KRASNAYA POLYANA, Russia (AP) — The red-and-white flag of Malta painted on the left cheek of giant slalom skier Elise Pellegrin was nearly washed away by the rain.
The memory of her first Olympic race? Now that couldn't be smudged.
Pellegrin was among a large contingent of lower-ranked skiers in the 90-racer field who really had no illusion of winning a rain-soaked event on Tuesday, instead just interested in soaking up the Olympic experience. Pellegrin finished the two-run giant slalom 36.25 seconds behind winner Tina Maze of Slovenia — and still celebrated.
"I'm really proud," the 22-year-old said. "I hope Malta is proud of me, too."
Behind the big names such as Maze, Anna Fenninger of Austria and American teenager Mikaela Shiffrin, there were some lesser-known skiers with interesting stories:
— Jasmine Campbell of the Virgin Islands getting money from the International Olympic Committee.
— Emily Bamford of Australia giving up horseback riding to concentrate on skiing.
— Professional musician Vanessa-Mae swapping her violin for skis and using her father's surname, Vanakorn, to compete for Thailand.
— Alessia Afi Dipol switching from India to Togo for the Olympics.
"Until yesterday, I watched (these skiers) on the TV and now I'm here with them," said Dipol, who represented India until last year. "It's really strange."
Of the 67 skiers finishing a second run through the soft snow, almost half wound up more than 10 seconds behind Maze.
For quite a few, though, time hardly mattered.
"Obviously, there is a difference in skill," said Campbell, who draws a stipend from the IOC to help with her ski career. "But I've had a few conversations with a couple of (the elite skiers) and they are such kind, generous, welcoming people. They make you feel at ease, not nearly as intimidated as I probably should be."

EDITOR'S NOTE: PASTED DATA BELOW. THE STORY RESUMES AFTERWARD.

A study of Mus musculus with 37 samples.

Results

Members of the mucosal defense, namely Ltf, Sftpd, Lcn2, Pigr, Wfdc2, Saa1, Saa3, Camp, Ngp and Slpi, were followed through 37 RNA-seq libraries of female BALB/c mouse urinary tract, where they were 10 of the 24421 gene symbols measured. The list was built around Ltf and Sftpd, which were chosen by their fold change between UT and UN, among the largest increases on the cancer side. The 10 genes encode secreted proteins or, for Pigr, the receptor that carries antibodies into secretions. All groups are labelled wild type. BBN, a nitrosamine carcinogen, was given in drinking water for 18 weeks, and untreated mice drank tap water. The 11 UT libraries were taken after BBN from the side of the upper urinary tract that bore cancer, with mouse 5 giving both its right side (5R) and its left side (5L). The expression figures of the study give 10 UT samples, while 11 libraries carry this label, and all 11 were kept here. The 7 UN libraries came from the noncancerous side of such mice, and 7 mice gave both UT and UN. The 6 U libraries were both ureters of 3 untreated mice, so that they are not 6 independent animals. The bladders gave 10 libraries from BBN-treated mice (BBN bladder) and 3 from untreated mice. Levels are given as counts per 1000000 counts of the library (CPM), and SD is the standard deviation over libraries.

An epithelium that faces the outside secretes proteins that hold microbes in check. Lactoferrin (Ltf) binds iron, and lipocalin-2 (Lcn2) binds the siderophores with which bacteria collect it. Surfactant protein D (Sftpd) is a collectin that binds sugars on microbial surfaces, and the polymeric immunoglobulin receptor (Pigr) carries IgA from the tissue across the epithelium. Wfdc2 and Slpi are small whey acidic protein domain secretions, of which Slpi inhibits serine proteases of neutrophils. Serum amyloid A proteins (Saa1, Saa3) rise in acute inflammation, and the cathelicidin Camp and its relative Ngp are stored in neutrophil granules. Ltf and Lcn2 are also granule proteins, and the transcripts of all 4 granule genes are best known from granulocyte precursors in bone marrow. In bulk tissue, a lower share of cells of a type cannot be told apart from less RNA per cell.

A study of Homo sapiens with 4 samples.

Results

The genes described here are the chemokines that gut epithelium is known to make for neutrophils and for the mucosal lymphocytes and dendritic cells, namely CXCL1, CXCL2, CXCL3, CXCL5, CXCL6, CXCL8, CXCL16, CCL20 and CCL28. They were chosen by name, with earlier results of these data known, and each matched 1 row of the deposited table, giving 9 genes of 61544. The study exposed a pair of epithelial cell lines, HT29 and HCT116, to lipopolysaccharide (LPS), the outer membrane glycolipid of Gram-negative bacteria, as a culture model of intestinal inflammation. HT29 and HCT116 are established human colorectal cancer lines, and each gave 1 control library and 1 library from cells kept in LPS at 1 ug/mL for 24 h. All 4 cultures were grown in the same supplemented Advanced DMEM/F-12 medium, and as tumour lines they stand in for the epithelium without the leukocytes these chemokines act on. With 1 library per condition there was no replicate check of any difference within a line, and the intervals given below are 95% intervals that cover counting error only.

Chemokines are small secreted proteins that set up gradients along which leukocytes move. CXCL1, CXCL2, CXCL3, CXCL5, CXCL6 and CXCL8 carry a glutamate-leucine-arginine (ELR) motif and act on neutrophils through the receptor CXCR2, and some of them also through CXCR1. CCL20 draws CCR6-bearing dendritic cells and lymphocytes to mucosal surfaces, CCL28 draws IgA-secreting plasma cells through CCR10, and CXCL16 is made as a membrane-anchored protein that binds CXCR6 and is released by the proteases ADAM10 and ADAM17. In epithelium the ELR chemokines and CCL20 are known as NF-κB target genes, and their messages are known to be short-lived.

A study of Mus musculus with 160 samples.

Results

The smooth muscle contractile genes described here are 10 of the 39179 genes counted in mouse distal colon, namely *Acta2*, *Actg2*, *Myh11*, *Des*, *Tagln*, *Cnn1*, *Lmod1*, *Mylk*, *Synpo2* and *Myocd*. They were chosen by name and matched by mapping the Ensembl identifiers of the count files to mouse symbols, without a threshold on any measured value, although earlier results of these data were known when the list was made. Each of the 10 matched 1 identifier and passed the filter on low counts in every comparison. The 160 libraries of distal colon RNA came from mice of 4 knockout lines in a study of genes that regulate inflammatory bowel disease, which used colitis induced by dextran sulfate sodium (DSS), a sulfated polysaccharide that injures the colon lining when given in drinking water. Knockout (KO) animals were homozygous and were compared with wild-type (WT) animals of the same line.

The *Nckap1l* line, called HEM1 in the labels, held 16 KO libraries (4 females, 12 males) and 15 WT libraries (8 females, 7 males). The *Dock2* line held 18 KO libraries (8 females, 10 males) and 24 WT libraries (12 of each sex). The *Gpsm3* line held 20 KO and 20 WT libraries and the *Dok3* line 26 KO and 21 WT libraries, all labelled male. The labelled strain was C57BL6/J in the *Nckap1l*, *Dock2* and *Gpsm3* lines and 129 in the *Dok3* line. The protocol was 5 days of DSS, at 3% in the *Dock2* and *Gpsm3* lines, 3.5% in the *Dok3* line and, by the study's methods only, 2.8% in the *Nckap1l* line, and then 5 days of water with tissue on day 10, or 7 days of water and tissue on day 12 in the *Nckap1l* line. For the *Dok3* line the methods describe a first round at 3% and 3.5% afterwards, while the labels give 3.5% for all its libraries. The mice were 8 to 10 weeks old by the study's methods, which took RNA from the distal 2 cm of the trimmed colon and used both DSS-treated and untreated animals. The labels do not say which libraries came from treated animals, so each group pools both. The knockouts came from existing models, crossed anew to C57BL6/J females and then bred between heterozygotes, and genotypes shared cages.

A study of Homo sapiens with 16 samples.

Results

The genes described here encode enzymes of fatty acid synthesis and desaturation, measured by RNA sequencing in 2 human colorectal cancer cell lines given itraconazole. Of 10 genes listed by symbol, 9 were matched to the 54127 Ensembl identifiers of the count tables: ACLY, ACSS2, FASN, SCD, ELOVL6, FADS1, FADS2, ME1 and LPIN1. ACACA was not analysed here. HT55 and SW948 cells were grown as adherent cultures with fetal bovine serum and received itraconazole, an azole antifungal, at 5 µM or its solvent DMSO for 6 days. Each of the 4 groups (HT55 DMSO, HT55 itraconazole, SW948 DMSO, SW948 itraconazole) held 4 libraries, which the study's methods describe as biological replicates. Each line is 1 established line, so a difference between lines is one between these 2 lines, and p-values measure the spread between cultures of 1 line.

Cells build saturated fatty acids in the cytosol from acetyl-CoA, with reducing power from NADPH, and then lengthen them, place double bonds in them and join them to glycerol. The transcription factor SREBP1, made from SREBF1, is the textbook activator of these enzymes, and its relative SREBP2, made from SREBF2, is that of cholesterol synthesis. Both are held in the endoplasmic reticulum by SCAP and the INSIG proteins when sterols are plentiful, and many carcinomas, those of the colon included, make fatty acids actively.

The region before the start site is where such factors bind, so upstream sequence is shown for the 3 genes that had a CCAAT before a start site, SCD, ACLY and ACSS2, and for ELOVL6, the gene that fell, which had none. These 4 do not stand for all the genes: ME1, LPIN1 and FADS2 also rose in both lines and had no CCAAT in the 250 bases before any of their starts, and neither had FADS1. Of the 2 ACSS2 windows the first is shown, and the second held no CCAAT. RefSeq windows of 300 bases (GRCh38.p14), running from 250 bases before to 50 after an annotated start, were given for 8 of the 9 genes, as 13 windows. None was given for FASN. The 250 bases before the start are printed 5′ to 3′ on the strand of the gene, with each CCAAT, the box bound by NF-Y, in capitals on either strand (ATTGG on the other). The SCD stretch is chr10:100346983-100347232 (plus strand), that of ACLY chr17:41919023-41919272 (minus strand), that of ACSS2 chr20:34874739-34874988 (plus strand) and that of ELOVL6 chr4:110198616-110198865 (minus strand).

There are those who might argue that these lower-ranked skiers don't belong in the field. Not at the Olympics, anyway, maybe at a World Cup race.
After all, each country is allowed a maximum of four competitors in a race, which hinders some of the power nations that have talent-rich rosters and must leave medal-contending skiers on the sidelines. Take, for instance, Austria, which didn't enter Nicole Hosp, who's won two medals in Sochi.
"The U.S. has the same problem in 100-meter track and field," women's race director Atle Skaardal explained. "They probably have hundreds which are better than the next one from Norway, at least, from my country."
Some of the skiers in the field were the first to compete for their country. That was the case for Pellegrin and why she painted the flag on her face.
"The conditions were not really good but I have a smile," she said.
Growing up on a farm, Bamford thought for sure she would be an Olympian, only in dressage because horses were her hobby. Then, her parents took her skiing and she was hooked. Bamford attended Stratton Mountain School in Vermont, where she almost became a snowboarder.
"But I didn't win snowboard so I didn't like it," Bamford said, smiling. "I went with what I was winning — skiing."
There were skiers in the field from China and Turkey, from Uzbekistan and Albania. Some were from all over, like Kenza Tazi, an 18-year-old with braces who was born in Boston, lives in France, skis for Morocco and hopes to attend college at Cambridge.
"It's amazing to be with the best in the sport, absolutely motivating," Tazi said.
The best known of the lesser-known skiers was Vanessa-Mae, who rose to fame in 1995 with her debut album "Violin Player." She finished 67th on Tuesday, 50.10 seconds behind the winning time.
"I was lucky that the Olympics, you know, allow exotic nations," Vanessa-Mae said, "for people like me who have day jobs."